Bennett pulls back from plan to suspend impact fees listen04/14/09 Mitch E. Perry
Bennett’s bill now would limit impact fees to $2 per square foot on residential properties and $8 for commercial properties. The bill also creates a real-estate transfer fee paid for by the grantor of the property, but exempts first time sale.
After a representative from the Florida Association of Realtors said his group opposes the new proposal because of a longstanding policy opposing what are known as local doc taxes, Bennett said that his plan will be cost homeowners less than what they’re paying now, but ultimately bring more revenue to muncipalities and school districts
To illustrate, the GOP senator from Bradenton said that currently in Collier County impact fee for a purchased home is around $40,000. He said that on a 30-year fixed mortgage at 5 percent, that amounted to an additional $328 a month for that homeowner. But under his new scenario, they would pay only a 1 percent surcharge,
Rebecca O’Hara is with the Florida League of Cities. She said there was no question that impact fees are high, but there is an infrastructure deficit in Florida right now that might only exacerbate with a reduction in impact fees. She also questioned the caps that Bennett would place on impact fees.
O’Hara also worried that under the Bennett proposal, there could be a significant lag time in terms of sufficient funding coming in, since a transfer tax will not affect anybody who sells their home for the first time.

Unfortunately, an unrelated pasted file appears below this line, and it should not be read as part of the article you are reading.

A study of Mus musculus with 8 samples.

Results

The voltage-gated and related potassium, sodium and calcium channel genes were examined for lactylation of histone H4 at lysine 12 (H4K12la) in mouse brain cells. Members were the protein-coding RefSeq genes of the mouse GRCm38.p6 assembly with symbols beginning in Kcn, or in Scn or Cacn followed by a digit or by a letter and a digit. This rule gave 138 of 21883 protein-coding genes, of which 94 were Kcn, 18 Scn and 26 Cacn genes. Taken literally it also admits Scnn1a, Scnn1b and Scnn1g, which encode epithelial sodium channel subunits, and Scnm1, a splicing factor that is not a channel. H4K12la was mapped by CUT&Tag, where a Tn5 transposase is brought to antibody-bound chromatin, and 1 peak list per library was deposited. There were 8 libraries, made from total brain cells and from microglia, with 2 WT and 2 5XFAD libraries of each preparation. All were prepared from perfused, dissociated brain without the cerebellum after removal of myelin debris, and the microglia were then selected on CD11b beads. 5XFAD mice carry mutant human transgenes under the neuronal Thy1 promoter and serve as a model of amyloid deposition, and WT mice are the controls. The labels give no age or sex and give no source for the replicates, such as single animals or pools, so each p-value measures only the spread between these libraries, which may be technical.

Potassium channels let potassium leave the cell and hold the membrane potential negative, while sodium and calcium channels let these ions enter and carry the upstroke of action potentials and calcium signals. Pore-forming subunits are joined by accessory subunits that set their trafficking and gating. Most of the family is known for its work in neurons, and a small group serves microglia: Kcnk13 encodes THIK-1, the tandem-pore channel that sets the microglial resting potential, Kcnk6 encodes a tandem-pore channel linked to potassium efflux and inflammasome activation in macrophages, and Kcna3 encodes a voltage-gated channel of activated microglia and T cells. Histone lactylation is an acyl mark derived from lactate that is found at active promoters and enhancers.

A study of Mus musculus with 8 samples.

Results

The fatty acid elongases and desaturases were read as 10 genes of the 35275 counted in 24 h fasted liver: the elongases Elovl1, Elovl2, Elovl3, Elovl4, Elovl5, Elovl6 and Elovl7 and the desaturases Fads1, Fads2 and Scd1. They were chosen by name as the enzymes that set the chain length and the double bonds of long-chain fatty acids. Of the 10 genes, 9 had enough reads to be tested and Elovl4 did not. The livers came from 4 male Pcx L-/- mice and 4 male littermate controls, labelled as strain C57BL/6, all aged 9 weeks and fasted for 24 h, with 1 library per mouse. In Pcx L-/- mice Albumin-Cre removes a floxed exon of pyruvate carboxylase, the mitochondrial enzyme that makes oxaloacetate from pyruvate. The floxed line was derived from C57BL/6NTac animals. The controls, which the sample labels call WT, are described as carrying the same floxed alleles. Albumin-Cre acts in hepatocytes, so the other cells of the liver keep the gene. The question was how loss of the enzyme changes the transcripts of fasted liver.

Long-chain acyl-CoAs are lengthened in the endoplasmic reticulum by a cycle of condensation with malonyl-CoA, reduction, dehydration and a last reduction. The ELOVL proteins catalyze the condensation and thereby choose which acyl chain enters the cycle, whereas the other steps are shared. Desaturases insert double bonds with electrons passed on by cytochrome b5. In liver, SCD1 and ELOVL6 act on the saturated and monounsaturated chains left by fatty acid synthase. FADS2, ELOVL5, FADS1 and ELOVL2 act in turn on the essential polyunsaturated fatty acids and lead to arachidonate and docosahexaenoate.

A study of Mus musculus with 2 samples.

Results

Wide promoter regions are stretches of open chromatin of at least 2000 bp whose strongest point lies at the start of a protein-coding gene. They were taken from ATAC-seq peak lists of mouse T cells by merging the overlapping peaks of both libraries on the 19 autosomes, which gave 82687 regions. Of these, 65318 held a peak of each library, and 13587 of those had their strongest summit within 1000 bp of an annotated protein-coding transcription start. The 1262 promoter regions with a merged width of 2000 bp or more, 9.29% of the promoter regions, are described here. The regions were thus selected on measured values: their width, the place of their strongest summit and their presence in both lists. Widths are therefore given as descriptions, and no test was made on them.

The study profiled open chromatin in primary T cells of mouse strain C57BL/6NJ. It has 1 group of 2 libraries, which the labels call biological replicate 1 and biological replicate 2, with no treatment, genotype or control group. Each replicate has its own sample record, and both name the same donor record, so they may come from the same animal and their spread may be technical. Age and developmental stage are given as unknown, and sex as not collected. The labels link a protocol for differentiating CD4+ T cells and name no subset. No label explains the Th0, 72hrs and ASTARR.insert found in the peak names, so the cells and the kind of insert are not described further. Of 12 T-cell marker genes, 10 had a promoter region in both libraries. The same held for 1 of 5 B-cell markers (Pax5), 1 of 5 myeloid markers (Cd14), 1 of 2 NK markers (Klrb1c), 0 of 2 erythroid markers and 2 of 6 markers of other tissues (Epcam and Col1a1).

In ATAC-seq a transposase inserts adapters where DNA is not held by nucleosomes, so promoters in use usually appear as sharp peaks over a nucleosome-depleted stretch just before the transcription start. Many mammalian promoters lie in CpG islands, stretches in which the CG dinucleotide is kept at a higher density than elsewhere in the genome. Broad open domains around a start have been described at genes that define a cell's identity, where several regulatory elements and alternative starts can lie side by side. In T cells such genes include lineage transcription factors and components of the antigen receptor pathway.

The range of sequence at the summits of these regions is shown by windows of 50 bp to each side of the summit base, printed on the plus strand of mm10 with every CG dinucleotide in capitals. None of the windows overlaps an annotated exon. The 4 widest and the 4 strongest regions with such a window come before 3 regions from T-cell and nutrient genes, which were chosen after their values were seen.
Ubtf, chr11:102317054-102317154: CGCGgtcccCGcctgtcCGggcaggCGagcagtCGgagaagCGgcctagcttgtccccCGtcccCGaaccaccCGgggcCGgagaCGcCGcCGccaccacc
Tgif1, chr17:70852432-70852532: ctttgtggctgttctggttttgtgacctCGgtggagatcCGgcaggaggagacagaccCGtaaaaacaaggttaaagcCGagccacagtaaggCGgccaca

Doug Book of the Florida Homebuilders Association said his group supports the Bennett bill. He said he knows about local governments in the state right now considering doubling impact fees, which he says only makes homes less affordable.
Tampa Bay area Sen. Ronda Storms says she has consistently been against high impact fees in her career, and has actively campaigned against them in Hillsborough County. However, she was concerned that changes come extremely late in the legislative session.
Bennett’s proposal is based on the fact that that he says on average a homeowner in Florida sells their home every five to seven years, thus the opportunities to charge on resales.
But Storms says she believes that now and in the future, people will live in their homes longer, thus depriving some of the revenues that he forecasts. And she was concerned there wouldn’t be enough funds for infrastructure.
Denise Layne is executive director of the Hillsborough County based Coalition for Responsible Growth. She agrees with Storms that while the change in Bennett’s proposal has promise, it comes much too late in the legislative session.
And Layne also felt the bill’s capping impact fees at $2 per square foot for residential and $8 for commercial properties were randomly chosen, and would like more information on how that was assessed. Bennett said he originally wanted a 1$ and $5 cap.
The bill was passed through the Community Affairs Committee, with Storms opposing it.